How string interpolation is done within the error messages of changesets (using %{})?

Hello everybody,

When I look at what an error looks like in a Changeset, it’s something like this:

[username: {"should be at most %{count} character(s)", [count: 20, validation: :length, kind: :max, type: :string]}]
# which renders to
# "should be at most 20 character(s) max"

It seems that there is some kind of templating with interpolation done inside %{keyword} as soon as the keyword is present as a key in the given list of keywords…

I don’t think it’s something native to elixir like printf in C (or I never heard of on my learning path) but more a convenience or a syntactic sugar provided by Phoenix…

So I wanted to know where this happens?

This behavior seems to be related to the Gettext module but when I follow down the path it seems (at least to me btw) overly complicated with functions with 6 to 8 parameters with odd names (dngettext, dpngettext etc.)

And I expected to find calls to String.replace or Regex.replace in order to replace %{} but I don’t find anything…

Does anyone have any clues?

Thank you…


According to Elixir School:

You may be surprised that the error message contains the cryptic %{count} — this is to aid translation to other languages; if you want to display the errors to the user directly, you can make them human readable using traverse_errors/2 — take a look at the example provided in the docs.

If you are using Phoenix, you can see how this error format is managed for you using Gettext in the file web/views/error_helpers.ex.

There is a nice example on how to use the traverse_errors function to replace the values yourself:

{"should be at least %{count} characters", [count: 3, validation: :length, min: 3]}

iex> traverse_errors(changeset, fn {msg, opts} ->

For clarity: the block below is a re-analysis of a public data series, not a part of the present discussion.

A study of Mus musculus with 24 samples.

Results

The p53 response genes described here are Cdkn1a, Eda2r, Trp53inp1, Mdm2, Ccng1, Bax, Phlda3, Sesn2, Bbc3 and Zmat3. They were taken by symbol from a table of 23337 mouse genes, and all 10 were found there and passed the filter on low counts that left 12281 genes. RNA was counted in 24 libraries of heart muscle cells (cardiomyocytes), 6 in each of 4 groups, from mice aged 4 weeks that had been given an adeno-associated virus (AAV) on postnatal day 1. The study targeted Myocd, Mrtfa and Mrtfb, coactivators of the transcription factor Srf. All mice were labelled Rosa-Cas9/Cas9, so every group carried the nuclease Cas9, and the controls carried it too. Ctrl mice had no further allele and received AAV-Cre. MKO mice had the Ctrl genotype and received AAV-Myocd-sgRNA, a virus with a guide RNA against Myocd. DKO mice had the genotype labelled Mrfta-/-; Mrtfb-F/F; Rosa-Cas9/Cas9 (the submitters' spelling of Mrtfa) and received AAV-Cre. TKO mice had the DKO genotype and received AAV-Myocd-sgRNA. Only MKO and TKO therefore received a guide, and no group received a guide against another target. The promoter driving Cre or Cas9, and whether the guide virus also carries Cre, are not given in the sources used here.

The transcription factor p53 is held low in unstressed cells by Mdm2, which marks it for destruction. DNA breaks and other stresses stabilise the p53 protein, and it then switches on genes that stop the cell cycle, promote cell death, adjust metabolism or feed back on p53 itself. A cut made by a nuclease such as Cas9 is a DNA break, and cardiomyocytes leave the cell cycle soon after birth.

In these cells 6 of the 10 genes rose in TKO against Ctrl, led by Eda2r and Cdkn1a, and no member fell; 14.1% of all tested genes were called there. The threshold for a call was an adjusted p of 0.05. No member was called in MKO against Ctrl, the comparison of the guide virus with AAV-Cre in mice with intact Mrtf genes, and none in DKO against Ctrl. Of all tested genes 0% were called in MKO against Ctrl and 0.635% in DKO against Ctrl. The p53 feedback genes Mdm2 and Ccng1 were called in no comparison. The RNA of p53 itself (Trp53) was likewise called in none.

...>   Enum.reduce(opts, msg, fn {key, value}, acc ->
      ...>     String.replace(acc, "%{#{key}}", to_string(value))
      ...>   end)
      ...> end)
      %{title: ["should be at least 3 characters"]}


I should have been more clear… Indeed, using error_tag from views/error_helper.ex actually display the message in the expected formatted output…

I just wanted to learn where that non-standard elixir %{} interpolation is happening…

This is exactly what I was expecting to find somewhere in the code base (as explained above). The interpolation implementation using String.replace or Regex.replace
But this one is an example from the comments/docs…

So I still wonder where that interpolation is happening… But at least I know how it’s done… Thank you…

This seems to be happening in Gettext here and here but I have to admit that I don’t really understand what is happening. Perhaps someone else can shed some light :slight_smile:


Oh, yes, now I understand your question!

And yes, it’s a very complicated code.

Looks like what you are looking for is happening in Gettext.Interpolation


Wow… I wasn’t expecting a Rube Goldberg machine-like implementation…
I wonder why it’s implemented like this while they gave (more intelligible) example using Regex.replace as pointed out above…
I guess it’s about performance (maybe related to how Elixir immutability is optimized with linked list?), though I would like to have the confirmation from experts about it.

Thanks! One minute too late :wink:



Thanks for the explanations… It does make total sense.